There are millions of bugs and insects on this planet and there are thousands around us in gardens, pathways, parks and, anywhere outdoor you walk around, you are sure to spot a few. Insects or bugs are so tiny that we most of the time fail to notice them or just ignore them as uninteresting. Get down there with your photography gear and you will be surprised at the beauty these tiny bugs have to offer in their own little world.
Image by WikiImages
Here Are Some Tips To Photograph These Beautiful Bugs
Look In The Right Place At The Right Time:
Do some research and look for insects in the right place in their habitat. Most of them are found in areas where there is plenty of foliage and water. Make sure that you find a good contrast between the bug and background and shoot early morning or late afternoon when the bugs aren’t too active.
Get Down And Shoot At The Bug’s Level:
Do not just shoot down at the bug from a higher perspective. The bug’s eyes are important and this is a get down, dirty, but very interesting and rewarding task. So get down to their level and shoot from their perspective of the world to get very interesting shots or try other interesting perspectives.
Image by Nikiko
Get The Focus Right:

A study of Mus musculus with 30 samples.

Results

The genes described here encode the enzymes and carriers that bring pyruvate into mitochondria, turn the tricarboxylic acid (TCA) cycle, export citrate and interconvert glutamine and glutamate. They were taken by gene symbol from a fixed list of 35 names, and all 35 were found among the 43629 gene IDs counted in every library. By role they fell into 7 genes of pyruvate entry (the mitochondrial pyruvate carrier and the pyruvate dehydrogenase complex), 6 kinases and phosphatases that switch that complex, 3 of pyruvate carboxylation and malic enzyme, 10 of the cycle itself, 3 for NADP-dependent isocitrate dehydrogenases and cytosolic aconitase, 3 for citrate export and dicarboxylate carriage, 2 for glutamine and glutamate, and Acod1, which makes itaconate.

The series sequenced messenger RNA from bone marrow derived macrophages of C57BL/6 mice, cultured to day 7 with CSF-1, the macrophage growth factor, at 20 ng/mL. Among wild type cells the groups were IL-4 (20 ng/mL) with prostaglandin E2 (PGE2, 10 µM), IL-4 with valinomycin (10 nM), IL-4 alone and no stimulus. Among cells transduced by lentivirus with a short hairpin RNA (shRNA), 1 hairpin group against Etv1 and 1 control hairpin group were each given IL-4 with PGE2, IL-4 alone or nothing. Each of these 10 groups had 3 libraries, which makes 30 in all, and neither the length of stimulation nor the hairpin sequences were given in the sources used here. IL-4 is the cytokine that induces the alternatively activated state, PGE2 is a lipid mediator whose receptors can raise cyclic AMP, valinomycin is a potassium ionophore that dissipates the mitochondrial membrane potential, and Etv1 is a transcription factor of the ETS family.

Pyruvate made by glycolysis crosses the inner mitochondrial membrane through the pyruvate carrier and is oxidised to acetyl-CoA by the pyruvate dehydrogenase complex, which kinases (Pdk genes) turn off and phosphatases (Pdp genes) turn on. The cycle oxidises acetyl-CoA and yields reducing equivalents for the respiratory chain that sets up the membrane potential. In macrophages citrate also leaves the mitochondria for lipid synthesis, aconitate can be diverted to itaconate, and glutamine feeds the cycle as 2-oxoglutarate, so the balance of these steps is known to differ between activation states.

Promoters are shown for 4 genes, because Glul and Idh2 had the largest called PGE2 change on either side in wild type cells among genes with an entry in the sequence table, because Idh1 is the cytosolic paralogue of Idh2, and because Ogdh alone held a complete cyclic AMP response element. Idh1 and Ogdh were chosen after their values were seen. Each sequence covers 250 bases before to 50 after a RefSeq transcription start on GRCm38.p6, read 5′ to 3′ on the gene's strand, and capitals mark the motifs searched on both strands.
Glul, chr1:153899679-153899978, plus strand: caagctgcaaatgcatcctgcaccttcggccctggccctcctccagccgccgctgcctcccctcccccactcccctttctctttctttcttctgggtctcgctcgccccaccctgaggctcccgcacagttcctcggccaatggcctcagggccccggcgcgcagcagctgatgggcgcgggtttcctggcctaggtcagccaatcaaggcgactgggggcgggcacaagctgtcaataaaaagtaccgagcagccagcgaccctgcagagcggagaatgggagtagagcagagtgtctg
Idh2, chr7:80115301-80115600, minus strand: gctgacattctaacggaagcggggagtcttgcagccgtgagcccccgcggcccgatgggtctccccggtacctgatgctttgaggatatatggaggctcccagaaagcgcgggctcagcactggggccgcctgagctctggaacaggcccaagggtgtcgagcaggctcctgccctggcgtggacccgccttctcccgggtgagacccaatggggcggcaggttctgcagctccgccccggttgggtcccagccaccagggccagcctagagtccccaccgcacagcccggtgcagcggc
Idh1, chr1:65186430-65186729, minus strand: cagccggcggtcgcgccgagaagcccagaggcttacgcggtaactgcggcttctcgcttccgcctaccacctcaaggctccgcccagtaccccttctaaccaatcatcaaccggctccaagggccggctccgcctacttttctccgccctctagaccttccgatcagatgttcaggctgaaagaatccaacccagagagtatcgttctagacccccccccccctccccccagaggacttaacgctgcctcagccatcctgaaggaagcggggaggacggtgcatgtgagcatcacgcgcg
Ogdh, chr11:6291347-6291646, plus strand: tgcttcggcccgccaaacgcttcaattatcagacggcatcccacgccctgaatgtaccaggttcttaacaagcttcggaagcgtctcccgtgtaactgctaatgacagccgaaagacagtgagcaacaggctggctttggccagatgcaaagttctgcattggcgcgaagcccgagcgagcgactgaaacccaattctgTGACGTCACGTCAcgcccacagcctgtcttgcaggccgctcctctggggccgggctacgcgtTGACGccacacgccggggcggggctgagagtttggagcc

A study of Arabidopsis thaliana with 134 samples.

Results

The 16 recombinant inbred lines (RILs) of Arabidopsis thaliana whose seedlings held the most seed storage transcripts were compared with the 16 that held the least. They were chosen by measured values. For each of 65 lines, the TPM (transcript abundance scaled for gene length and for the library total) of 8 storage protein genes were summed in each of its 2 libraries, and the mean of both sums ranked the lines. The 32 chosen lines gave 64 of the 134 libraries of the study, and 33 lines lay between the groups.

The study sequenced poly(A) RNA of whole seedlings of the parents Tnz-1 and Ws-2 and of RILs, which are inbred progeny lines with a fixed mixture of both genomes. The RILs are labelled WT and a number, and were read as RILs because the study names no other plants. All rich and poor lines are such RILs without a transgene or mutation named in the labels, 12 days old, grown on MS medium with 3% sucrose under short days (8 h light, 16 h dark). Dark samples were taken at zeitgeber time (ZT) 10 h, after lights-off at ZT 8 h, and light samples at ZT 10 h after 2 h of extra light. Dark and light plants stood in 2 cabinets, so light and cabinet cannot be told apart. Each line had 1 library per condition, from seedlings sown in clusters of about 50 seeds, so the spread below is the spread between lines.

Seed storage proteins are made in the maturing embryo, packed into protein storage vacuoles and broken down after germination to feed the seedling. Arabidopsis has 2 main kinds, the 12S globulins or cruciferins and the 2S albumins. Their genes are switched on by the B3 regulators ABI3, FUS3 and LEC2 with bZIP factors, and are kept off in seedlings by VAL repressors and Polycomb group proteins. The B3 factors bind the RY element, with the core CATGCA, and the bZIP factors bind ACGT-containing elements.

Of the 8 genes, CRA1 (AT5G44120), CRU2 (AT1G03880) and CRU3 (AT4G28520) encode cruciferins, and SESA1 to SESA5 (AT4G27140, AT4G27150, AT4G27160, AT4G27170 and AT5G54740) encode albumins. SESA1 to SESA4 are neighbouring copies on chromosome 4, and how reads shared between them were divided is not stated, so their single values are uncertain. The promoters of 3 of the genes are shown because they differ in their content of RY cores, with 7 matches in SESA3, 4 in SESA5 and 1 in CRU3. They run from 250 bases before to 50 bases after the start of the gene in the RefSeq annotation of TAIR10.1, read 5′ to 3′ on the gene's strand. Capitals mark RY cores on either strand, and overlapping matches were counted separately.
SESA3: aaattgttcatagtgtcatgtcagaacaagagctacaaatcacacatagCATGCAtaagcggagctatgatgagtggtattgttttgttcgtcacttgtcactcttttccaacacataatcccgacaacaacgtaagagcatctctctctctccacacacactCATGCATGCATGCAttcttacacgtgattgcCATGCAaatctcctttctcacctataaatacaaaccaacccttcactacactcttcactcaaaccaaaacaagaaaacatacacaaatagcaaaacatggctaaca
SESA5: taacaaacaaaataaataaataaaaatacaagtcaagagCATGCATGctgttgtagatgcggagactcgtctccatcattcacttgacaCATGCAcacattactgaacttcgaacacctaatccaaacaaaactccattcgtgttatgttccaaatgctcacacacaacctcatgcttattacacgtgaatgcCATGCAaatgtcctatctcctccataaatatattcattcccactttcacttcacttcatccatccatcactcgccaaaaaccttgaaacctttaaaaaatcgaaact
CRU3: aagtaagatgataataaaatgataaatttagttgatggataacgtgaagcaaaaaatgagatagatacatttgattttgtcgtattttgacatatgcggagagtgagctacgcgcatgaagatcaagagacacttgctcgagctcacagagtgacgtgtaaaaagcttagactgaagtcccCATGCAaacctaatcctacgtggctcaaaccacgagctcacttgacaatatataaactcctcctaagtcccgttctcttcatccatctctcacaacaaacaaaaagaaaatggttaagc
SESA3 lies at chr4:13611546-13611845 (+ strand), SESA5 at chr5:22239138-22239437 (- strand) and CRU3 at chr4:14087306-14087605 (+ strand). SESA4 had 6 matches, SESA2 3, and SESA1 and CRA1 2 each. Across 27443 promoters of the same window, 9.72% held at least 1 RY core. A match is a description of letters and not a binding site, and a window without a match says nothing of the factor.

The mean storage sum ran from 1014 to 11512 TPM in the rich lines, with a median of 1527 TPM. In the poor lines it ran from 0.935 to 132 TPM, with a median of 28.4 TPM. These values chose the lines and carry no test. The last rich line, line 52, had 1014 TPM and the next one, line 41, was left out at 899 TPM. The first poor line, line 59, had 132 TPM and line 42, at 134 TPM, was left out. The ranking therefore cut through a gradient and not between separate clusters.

As bugs are constantly moving, it can be difficult to get the focus right. Having a very shallow depth of field like f/2.8 can create beautifully blurred backgrounds but will blur the image even when there is a slight movement. So try having the aperture set between f/7 and f/16 to nail focus and get crispier images.
Use The Right Settings And Light Conditions:
Learn to use manual focus and, depending on the aperture settings, you may have to increase your ISO a bit or use a ring flash to compensate for the reduced light. It is best to shoot in natural light, as flash can be intimidating for bugs and the best time to do that is early morning or late afternoons when the light is glorious. You may be lucky to get shots of bugs with dewdrops on them and their habitat.
Image by Francok35
Gear For Photographing Bugs:
Macro lenses are the best, but if you are on a budget, extension tubes are an easy way to get into insect photography but bear in mind that the light entering the lens will be limited and you will have to compensate for that by using an external flash or increasing the ISO and using a tripod. You can also use a macro/close-up filter, or if you just have a kit lens or 50mm prime lens, try the reverse ring technique to get some amazing close-up images of bugs.
Safety For You And The Bugs:
It is very important that you maintain a distance between yourself and the bugs as some can be poisonous and can hurt you when disturbed. The same way, we as humans and photographers, should make sure that we do not disturb the bugs or harm them or destroy/disturb their habitat. Also, approach them slowly and be very patient.
If you need to take your photography to the next level by understanding light, make sure you check out Understanding Light by Photzy.